Autism Registry Is First Division Project Funded By New National Mental Health Research Network

Autism registry is first Division project funded by new national mental health research network

A registry to advance research on autism spectrum disorders (ASD) will be the first Division of Research project supported by the Mental Health Research Network (MHRN), a multi-partner effort funded by a $10.5 million federal grant aimed at speeding up mental health research across the nation.

Five of the MHRN’s 10 participating health care organizations will take part, including Harvard Pilgrim Health Care in Boston, and Kaiser Permanente in Northern and Southern California, the Northwest (Oregon and Washington) and Georgia.

Researchers expect to collect a variety of data on approximately 20,000 children and adolescents diagnosed with ASD, according to Lisa Croen, PhD, the registry’s principal investigator and a Division scientist.

The wealth of information collected in the registry will help investigators identify children with ASD who are eligible for specific research projects and allow researchers to conduct a series of large-scale comparative effectiveness studies.

To complete the registry, investigators will gather detailed information about ASD diagnoses, demographics, other diagnosed medical conditions, prescription medications, and at some sites, details about childrens’ births.

Croen noted that while other autism registries exist, this one is unique because it will function within organizations providing integrated health care, like Harvard Pilgrim Health Care and Kaiser Permanente. This gives investigators access to clinical data from patients’ electronic medical records, as well as the ability to conduct research at the site where participants receive their health care.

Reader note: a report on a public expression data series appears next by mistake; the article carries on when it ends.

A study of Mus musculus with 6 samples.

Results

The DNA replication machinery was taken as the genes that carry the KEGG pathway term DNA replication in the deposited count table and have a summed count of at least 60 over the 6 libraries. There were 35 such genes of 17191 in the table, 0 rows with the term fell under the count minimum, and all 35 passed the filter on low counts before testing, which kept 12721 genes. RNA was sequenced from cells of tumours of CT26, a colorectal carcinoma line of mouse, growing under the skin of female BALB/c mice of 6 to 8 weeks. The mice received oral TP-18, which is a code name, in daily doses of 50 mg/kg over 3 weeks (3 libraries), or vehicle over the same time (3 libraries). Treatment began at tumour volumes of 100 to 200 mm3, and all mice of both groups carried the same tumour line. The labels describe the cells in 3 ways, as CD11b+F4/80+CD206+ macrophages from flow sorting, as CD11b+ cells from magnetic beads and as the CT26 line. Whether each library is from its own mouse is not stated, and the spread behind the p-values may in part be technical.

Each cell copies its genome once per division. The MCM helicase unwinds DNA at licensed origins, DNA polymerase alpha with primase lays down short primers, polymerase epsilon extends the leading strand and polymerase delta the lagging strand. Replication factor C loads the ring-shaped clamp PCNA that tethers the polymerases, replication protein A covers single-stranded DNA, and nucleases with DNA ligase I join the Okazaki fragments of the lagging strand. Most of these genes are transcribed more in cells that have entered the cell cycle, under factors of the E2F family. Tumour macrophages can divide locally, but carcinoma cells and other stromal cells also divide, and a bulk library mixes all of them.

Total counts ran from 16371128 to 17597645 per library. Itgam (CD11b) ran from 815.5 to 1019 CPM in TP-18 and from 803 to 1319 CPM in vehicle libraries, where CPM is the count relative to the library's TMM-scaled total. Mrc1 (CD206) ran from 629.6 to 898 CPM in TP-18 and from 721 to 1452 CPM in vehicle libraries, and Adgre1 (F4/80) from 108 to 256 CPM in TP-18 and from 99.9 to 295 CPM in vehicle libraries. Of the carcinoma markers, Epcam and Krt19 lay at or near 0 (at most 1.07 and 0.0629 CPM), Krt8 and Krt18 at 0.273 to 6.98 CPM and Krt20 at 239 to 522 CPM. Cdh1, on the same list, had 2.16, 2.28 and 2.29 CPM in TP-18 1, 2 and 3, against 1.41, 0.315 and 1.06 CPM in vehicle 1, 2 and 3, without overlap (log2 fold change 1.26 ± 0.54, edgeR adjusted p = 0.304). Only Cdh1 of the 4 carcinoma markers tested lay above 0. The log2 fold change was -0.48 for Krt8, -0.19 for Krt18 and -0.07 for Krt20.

“We need to build this registry first, before we can do the research that could ultimately lead to the design of effective treatments for affected children,” said Croen, who also heads the Division’s Autism Research Program. “With the completed registry we can quickly identify large numbers of children across the country who may be eligible for clinical trials of new interventions. The dynamic nature of this registry will also allow us to target and recruit specific groups of kids for specific studies based on their clinical characteristics.”

Examples of specific patient groups investigators might target for research include: patients taking a specific medication, patients suffering severe gastrointestinal (GI) symptoms, patients who have specific brain MRI findings or patients who have another family member with ASD.

In the first phase, the registry database will allow researchers to compare ASD prevalence across the five sites — by gender, age and race/ethnicity, says Croen. Investigators will also look at the variation in use of psychotropic medications and frequency of other medical conditions occurring in children with ASDs across the five participating sites.

In the second phase, registry investigators will use a Web-based survey to ask parents for data not available from health plan records. This will include information about different treatment approaches, complementary therapies, parents’ perceived treatment burdens, and parental perceptions of the effectiveness of different treatments.

Children and parents will also be asked to donate a small sample of blood or saliva for use in future studies. These studies, with various subsets of registry participants, may test treatments and service interventions, examine possible autism causes, look for possible associations between gene variations, and examine how children respond to various medications.